Note: The following post originally appeared in Perkins Coie’s Public Chatter blog.

In the making for a long time, the SEC proposed rules yesterday that would change how mutual funds disclose their proxy voting – and would require institutional investors to disclose their say-on-pay voting records for the first time. Here’s the 174-page proposing release.

It’s been 18 years since the SEC first started requiring public disclosure of mutual fund voting – on Form N-PX – and many believe that changes have been long overdue. (There was a SEC proposal in 2010 that didn’t go anywhere.) That’s because the Form N-PXs can be difficult to parse – some are hundreds of pages long – even a thousand pages long – and in a format that is challenging to the lay reader.

Each fund can format their N-PX any way they choose under the SEC’s existing rules. The reports also aren’t machine readable, a “must” in today’s world. It’s a real scattershot framework that doesn’t produce disclosure that can be readily consumed.

Here are six things to know about the SEC’s proposal:

  1. More Uniformity for Agenda Item Descriptions – Funds would be required to use the same language to describe each voting matter as is used on the company’s form of proxy – and to categorize each matter by category and subcategory.
  2. More Uniformity for How N-PX Is Organized – Funds would be required to organize their reports a certain way in order to make the disclosures easier to read and compare across funds.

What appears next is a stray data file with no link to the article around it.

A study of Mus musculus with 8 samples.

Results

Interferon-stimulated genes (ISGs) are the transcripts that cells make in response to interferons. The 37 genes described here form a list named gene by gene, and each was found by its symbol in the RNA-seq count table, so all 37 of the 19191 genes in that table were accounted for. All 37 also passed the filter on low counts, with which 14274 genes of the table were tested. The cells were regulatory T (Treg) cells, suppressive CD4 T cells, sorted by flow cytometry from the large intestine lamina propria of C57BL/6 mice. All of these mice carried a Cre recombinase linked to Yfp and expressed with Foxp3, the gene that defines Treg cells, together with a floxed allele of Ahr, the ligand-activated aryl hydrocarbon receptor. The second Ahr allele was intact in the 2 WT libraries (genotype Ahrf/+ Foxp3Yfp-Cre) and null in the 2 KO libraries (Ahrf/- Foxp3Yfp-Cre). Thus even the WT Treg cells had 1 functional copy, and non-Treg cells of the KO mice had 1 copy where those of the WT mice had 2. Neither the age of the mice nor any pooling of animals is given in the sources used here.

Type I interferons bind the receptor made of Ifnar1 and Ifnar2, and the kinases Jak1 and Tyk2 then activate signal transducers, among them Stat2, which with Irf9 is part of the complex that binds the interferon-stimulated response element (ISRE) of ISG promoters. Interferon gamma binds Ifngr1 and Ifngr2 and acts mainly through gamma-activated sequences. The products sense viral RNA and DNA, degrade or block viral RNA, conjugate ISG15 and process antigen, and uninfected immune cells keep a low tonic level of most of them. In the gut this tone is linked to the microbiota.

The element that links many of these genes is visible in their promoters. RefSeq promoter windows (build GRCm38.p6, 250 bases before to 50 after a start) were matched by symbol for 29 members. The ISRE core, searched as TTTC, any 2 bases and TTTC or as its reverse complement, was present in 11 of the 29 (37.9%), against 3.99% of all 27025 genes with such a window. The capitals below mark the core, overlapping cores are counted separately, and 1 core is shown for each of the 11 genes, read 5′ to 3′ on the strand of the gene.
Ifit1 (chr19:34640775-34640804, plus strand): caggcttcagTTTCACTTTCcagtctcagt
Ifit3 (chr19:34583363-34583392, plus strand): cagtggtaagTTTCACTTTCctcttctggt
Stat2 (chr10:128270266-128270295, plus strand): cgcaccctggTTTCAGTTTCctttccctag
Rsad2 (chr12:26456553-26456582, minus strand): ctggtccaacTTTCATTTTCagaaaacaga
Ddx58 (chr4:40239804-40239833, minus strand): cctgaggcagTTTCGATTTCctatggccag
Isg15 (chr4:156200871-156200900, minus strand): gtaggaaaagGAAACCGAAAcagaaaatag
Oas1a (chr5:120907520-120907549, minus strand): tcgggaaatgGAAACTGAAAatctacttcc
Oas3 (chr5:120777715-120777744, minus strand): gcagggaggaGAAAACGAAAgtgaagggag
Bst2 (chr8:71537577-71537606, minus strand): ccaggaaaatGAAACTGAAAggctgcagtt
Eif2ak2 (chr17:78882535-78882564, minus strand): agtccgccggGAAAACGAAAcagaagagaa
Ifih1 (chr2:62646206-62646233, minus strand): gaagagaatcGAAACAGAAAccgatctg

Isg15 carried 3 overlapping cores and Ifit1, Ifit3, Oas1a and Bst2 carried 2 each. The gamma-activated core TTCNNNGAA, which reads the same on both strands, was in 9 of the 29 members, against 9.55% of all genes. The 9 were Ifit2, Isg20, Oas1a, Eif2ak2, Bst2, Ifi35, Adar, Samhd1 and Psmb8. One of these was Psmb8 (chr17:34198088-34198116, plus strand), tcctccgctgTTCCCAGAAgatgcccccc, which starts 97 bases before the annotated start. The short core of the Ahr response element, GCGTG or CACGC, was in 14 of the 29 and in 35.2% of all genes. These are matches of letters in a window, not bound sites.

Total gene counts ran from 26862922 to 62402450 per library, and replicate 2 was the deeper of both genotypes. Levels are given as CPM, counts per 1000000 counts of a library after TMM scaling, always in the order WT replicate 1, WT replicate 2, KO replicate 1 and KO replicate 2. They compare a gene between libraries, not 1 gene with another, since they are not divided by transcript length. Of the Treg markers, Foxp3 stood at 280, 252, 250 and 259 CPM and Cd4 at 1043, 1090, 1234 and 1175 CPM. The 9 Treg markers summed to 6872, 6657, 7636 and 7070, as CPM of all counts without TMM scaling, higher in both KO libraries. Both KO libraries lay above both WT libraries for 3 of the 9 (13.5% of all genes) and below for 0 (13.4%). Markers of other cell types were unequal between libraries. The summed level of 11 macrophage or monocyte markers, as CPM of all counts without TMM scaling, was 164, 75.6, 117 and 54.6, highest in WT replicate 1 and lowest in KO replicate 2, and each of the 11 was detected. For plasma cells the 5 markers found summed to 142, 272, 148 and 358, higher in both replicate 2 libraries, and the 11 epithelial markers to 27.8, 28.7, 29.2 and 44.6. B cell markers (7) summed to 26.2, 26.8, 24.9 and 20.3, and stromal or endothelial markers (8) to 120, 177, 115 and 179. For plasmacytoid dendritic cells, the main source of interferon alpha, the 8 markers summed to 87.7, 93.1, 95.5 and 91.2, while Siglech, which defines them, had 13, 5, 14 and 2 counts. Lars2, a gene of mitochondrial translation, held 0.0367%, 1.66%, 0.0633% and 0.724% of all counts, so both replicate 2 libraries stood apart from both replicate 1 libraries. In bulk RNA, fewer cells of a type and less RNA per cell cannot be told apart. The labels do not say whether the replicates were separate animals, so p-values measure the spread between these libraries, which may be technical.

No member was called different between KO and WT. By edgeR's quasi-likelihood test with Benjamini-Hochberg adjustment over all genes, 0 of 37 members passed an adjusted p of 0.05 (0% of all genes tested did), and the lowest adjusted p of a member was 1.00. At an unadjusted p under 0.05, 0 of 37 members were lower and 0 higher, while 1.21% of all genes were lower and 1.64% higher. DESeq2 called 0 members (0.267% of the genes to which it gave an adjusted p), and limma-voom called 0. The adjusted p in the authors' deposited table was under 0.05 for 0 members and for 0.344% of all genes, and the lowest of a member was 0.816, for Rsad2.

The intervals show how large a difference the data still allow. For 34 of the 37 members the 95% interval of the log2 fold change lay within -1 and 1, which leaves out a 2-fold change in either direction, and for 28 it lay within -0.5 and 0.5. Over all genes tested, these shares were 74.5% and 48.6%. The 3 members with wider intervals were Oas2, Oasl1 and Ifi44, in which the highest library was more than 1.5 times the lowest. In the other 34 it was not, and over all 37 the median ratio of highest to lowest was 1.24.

3. “Machine Learning” Enabled – Funds would be required to use a structured data language.
  4. Disclosure about Securities Lending Activities – Funds would be required to disclose how their securities lending activities impact voting. Some funds “loan” their holdings in a manner that allows others to vote their shares – this activity would be disclosed under this proposal.
  5. Institutional Investor Disclosure about “Say-on-Pay” Voting – Institutional investment managers, as defined by Section 13(f) of the Exchange Act, would be required to disclose how they voted on executive compensation, or “say-on-pay,” matters, something that funds already disclose in their N-PXs.
  6. Form N-PXs Still Due Annually by August 31st – Leading up to the proposal, there was speculation that the SEC would propose more frequent – or at least, a shorter – deadline for reporting. However, the SEC proposes to leave the August 31st annual deadline as it is.